Week in Review for 12/7/2008

    This is an incremental step beyond the existing privacy threats, driven by the same concerns, largely the tension between convenience and the desire to use this data, these tools to improve revenue.
  • Potential effect of the Drew verdict
    The problematic verdict conflates violation of terms of service with the Computer Fraud and Abuse Act, itself a tricky bit of legislation that has been misused repeatedly already. It sets a precedent, a bad one, where others could make similar arguments, effectively turning ToS into private laws.
  • Busting the myth of the inevitable PC upgrade
    Linux users have know this for some time, getting more use out of older systems for longer than PC makers want us to believe. This is kind of an interesting silver lining to Vista’s woes, at least for consumers tired of the upgrade treadmill.
  • change.gov switches to CC license
    Probably more valuable for the example it sets and the signal it sends than out of any necessity. Lessig points out that much government works, like sites, is already exempt.
  • MySQL 5.1 released with mixed success
    Most of the problems seem to be in the new features, though MySQL’s original creator urges extensive testing even for those considering 5.1 just an upgrade to existing features. Monty blames the quality issues on changes in process and goals around releases.
  • OpEd on what still needs fixing in Linux
    This list is a real mixed bag, some of it seems to reveal the author’s ignorance. I’ll concede a few like the kernel ABI’s and audio, but the rest seem overstated, in my opinion, or just flat out wrong.
  • ReadWriteWeb details Facebook Connect vs. OpenID
    They have a good graphic laying out the differences between the too. They like both but are slightly favoring OpenID since it is an open standard.
  • Google launches Friend Connect
    This is a direct response to Facebook Connect but has a couple of drawbacks. Data is not truly exchanged, staying locked up in Google’s widgets and there is no central point for managing privacy. Otherwise it is standards based, using OpenID and OAuth.
  • Publishing info on law enforcers to carry stiff penalty in the UK
    This is a proposed amendment to the pretty hideous Terrorism Act in the UK. It isn’t passed yet but would make the battle between advocates for transparency and accountability and the authorities that much worse.
  • 20 year anniversary of seminal Dijkstra paper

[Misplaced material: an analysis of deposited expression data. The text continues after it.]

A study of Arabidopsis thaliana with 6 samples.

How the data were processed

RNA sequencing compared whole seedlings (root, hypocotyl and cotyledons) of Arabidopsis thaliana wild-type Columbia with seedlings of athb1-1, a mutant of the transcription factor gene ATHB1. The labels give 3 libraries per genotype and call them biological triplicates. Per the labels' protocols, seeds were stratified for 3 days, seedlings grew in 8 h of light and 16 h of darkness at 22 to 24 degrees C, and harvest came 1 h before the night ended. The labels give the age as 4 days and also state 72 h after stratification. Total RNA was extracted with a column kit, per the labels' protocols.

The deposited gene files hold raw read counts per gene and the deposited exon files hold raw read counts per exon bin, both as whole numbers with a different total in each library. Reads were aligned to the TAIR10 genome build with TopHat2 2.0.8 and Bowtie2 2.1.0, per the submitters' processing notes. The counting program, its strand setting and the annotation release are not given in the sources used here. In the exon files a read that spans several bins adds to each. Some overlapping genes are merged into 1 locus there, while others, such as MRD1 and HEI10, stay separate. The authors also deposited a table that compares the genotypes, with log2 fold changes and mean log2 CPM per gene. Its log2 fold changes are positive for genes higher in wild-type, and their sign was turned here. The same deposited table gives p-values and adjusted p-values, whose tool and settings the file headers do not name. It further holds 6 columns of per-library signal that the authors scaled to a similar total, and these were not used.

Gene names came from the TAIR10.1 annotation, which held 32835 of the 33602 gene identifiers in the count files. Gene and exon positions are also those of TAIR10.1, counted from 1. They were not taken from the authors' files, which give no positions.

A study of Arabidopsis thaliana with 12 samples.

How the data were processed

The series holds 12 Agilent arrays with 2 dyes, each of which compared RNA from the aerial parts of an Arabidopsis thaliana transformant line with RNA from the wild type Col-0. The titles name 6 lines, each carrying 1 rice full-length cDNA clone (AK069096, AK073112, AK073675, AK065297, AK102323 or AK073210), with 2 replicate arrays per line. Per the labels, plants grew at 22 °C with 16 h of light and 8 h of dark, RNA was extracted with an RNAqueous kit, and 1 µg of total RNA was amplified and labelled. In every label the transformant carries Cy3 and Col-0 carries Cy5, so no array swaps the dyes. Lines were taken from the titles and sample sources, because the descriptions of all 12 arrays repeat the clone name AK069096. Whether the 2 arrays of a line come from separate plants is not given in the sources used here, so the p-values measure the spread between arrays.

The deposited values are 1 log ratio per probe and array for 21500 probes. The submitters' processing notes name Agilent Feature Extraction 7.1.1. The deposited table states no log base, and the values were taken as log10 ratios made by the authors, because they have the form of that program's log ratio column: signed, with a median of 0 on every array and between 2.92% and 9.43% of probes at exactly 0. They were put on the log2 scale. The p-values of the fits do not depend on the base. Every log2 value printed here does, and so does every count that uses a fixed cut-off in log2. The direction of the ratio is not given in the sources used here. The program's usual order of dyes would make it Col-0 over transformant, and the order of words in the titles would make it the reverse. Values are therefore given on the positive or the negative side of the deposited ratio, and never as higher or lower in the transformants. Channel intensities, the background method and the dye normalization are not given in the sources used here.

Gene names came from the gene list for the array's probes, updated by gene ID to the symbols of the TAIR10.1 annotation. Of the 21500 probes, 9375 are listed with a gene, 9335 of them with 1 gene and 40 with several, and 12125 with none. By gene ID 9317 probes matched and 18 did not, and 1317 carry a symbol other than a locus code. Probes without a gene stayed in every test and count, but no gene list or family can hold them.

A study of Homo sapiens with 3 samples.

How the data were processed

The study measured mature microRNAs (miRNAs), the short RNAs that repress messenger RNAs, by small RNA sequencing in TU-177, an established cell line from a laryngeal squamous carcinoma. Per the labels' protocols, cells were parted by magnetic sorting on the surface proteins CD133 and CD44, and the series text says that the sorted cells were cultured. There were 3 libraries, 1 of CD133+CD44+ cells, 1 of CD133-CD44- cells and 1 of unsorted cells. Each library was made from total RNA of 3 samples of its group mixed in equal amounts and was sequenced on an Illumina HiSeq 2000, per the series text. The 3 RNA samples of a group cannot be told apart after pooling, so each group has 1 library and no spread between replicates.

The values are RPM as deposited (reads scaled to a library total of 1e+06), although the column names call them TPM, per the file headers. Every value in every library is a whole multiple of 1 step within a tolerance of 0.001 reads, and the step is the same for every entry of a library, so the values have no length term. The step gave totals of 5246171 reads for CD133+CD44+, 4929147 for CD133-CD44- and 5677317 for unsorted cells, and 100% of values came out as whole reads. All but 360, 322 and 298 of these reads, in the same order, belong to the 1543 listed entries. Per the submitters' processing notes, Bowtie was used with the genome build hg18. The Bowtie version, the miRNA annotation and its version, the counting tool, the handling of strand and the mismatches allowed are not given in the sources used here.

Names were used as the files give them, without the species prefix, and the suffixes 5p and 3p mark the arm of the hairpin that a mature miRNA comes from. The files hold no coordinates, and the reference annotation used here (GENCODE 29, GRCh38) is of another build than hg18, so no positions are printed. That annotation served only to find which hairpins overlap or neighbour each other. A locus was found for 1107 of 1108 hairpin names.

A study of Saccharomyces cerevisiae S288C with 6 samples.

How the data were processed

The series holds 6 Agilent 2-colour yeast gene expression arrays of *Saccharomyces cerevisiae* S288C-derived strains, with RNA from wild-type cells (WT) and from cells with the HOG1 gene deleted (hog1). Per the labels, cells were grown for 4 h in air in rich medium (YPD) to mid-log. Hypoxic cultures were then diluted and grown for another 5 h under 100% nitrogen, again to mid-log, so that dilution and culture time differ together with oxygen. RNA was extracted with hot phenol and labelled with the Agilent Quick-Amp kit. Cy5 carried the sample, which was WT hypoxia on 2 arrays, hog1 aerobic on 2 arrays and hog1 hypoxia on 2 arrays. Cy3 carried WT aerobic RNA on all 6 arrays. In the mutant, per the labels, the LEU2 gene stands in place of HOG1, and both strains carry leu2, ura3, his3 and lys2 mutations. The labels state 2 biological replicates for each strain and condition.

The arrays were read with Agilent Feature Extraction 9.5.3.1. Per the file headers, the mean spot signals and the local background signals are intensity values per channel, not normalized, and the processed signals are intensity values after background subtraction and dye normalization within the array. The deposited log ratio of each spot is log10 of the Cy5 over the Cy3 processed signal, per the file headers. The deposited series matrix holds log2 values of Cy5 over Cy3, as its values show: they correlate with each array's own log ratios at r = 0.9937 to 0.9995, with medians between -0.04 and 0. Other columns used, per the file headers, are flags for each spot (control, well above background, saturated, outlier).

I think his contention about radical novelty still holds water. I am tempted to say that several decades of coping with computing has better acclimated us but he does a good job of ruling that out by drawing the notion into a deeper historical context. Online innovation also makes the novelty of standalone or personal computing look tame by comparison.
  • Low cost of netbooks gives them hack appeal
    I think this is actually fairly obvious but glad someone is discussing it. I think this also goes to explain the appeal of the OLPC, arguable the prod that created the netbook category, amongst first world buyers.
  • Valve condemns DRM in games, Microsoft endorses it
    Encouraging to hear such condemnation for a popular game maker. Too bad that most of the distribution channels override their stance and add DRM anyway. Seems silly when it is pretty trivial to roll your own channel, like Penny Arcade did for their games.
  • UK regulators no fans of Hulu work alike
    Regulators cite diminishing competition as their primary concern. If the new service would be inclusive, which it seems to me when they talk about working with third parties, then I am not sure how that follows.
  • Apple believes someone is behind Psystar
    They are amending their DMCA complaint to add ten Does. This based on “information or belief”, we won’t know any more until they’ve completed their discovery. It could explain the legal firepower Psystar has been able to muster but otherwise seems a bit crazy
  • Free ebook on Vim
    vim is my favorite editor so I love seeing such a work in and of itself. That it is being built collaboratively as a wiki and released under a liberal license just seems like icing.
  • Examining Psystar’s EULA
    This analysis is hardly surprising. I want to say that the suggestion that Psystar’s case could be used to break the back of EULAs came from observers and pundits, not from them. Even if it is central to their case, it doesn’t mean they are clueful enough to avoid their own EULA or make it more consumer friendly.
  • Moving to functional programming for parallelism
    I am not sure functional programming is the only answer but will concede that a new model is needed and it has to come from computer science, not from chip makers. Intel, in particular, has been involved with compilers to this point, though, so would be surprised to see that go away entirely just because of the shift to many cores.
  • This year’s CCC to feature an experimental, RFID panopticon
    This is actually a successor project to the one run at the Last HOPE. It looks like it adds some cool new features. As with the one at Last HOPE, it is all open and imminently hackable.